Horror movie maestro Blum enters gaming biz
Jason Blum, the producer of horror movie hits “M3gan” and “The Purge,” is entering the video game business, aiming to extend his expertise in scary stories to a new and more lucrative creative medium.
Blum’s production company plans to make immersive horror games, costing less than $10 million to produce, which people will play on PCs and gaming consoles. It will identify titles in development at smaller studios and offer financing, creative input and the value of its reputation in the horror space.
Blumhouse hired Zach Wood, who has worked on more than 30 games, to oversee the creative side of its gaming business and Don Sechler, a veteran of Sony PlayStation, to run finance and operations. Wood will report into Abhijay Prakash, the president of Blumhouse.
Prakash is on a mission to help Blum add to the value of his company by increasing its output of films and TV shows, while also branching out into new lines of business. That includes live experiences and a bigger presence at theme parks, as well as video games. The global video game industry is larger than the businesses of film and music combined.
Blumhouse is already the biggest producer of horror movies in Hollywood and is about to close a merger with Atomic Monster, a production company led by director James Wan. The pair have already been collaborating on the Insidious movie franchise.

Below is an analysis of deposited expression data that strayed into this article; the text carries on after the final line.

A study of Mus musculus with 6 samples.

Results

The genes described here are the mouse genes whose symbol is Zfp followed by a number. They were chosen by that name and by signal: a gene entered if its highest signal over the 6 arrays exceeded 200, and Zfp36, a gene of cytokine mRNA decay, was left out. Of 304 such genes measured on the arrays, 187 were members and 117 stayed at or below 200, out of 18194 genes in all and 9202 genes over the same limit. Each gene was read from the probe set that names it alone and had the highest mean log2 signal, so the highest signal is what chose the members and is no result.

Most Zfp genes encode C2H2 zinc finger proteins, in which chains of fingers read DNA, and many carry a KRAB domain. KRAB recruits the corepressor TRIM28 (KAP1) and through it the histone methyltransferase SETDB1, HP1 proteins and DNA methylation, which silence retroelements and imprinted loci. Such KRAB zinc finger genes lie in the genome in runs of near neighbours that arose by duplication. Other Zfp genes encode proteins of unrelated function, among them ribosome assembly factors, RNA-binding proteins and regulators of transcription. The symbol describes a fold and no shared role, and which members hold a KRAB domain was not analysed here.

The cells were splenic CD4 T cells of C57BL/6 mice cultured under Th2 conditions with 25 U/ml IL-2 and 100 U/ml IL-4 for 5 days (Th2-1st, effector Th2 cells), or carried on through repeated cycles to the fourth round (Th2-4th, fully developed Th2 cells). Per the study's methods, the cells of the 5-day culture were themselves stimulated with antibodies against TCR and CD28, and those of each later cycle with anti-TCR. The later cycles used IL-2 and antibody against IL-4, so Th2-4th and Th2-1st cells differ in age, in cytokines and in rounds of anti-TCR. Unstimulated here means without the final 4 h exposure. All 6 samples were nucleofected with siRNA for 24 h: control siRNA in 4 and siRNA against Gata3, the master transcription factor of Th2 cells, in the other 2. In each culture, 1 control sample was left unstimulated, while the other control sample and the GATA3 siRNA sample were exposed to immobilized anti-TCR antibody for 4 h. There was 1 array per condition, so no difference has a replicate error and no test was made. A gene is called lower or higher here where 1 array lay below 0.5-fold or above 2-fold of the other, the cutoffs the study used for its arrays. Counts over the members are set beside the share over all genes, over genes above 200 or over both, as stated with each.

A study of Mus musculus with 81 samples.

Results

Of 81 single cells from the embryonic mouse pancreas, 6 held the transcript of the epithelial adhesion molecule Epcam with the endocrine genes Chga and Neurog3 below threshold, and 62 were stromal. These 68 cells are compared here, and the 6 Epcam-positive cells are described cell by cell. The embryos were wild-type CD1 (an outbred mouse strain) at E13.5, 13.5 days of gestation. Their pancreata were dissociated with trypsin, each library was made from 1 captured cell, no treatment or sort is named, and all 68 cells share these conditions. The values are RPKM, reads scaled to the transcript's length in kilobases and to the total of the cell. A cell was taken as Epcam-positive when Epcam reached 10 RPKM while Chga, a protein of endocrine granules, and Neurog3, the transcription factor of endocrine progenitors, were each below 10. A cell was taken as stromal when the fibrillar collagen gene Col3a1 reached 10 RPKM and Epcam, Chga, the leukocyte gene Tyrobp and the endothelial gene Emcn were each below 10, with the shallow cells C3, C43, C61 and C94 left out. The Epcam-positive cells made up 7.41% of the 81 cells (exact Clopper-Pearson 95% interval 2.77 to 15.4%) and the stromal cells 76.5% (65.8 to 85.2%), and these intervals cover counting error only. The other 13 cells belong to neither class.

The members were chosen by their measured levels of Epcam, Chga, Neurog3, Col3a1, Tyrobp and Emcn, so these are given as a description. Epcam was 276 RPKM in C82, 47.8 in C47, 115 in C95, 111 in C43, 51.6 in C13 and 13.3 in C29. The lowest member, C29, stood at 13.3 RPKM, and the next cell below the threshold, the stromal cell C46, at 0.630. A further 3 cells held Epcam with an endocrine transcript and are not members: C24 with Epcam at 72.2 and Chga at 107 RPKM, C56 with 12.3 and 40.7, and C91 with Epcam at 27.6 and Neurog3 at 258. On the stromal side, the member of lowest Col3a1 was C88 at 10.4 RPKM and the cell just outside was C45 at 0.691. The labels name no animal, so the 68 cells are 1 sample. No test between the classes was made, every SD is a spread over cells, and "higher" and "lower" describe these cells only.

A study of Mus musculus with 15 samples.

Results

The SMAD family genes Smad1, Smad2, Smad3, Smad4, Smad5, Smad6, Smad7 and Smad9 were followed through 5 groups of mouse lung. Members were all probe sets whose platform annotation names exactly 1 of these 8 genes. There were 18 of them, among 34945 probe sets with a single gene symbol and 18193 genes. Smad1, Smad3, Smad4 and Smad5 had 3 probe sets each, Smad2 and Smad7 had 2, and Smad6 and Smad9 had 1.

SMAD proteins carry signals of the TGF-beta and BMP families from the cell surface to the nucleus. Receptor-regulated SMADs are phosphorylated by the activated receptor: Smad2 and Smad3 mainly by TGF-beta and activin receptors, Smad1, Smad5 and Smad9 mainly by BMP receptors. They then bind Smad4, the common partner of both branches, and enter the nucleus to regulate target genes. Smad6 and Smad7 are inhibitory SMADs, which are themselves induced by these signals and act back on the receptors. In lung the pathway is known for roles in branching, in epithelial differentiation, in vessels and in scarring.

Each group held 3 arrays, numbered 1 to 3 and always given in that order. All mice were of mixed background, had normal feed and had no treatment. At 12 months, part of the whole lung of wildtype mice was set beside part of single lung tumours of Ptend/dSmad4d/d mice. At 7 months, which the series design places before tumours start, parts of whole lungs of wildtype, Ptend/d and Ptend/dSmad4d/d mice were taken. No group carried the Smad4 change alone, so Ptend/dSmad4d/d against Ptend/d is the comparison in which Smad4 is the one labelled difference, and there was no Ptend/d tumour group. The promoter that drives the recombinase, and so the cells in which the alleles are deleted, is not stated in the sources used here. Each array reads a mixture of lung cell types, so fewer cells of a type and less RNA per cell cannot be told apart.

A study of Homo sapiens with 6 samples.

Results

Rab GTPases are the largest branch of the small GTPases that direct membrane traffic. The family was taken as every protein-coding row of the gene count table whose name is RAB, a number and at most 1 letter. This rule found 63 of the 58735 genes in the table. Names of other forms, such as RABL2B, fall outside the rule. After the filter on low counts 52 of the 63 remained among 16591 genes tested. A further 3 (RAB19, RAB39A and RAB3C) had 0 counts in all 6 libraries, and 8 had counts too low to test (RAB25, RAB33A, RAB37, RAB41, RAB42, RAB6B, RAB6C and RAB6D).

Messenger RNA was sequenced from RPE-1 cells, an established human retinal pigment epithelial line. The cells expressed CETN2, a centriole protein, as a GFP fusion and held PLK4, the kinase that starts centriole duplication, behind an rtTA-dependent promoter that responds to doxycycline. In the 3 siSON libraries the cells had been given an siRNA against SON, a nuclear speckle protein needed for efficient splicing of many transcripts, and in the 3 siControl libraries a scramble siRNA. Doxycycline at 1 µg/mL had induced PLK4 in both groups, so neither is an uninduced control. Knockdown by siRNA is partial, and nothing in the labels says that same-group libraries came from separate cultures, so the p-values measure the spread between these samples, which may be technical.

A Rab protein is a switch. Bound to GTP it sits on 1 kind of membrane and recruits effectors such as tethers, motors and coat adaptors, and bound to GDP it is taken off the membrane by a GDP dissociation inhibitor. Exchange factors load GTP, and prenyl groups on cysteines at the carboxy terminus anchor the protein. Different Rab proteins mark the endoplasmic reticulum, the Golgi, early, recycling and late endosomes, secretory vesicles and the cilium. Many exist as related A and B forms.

“We’re in the scary story business. We do films, we do TV and there is this massive, growing segment in media and entertainment called gaming,” Prakash said. “The space is hundreds of billions of dollars; we’re in a great position to try and access it.”
Blumhouse previously explored going into gaming via Comcast Corp.’s Universal Pictures, the movie studio that releases the majority of its films. Universal tried convincing game studios to turn some Blumhouse titles, including “The Purge,” into games. Nothing came of it.
Prakash redoubled those efforts after joining Blumhouse from Universal but opted to make original games instead of ones based on the company’s movies. The company will go after games in much the way it has movies, developing an established network of creators and producing the games on a budget. Blumhouse aims to invest in about 15 games over the next three to four years, spending about $25 million on each slate.
Success will come slowly, if ever. Games take months if not years to develop, and history is littered with failed ventures. But Wood said he believes there’s plenty of opportunity for horror titles, especially if aligned with an independent producer.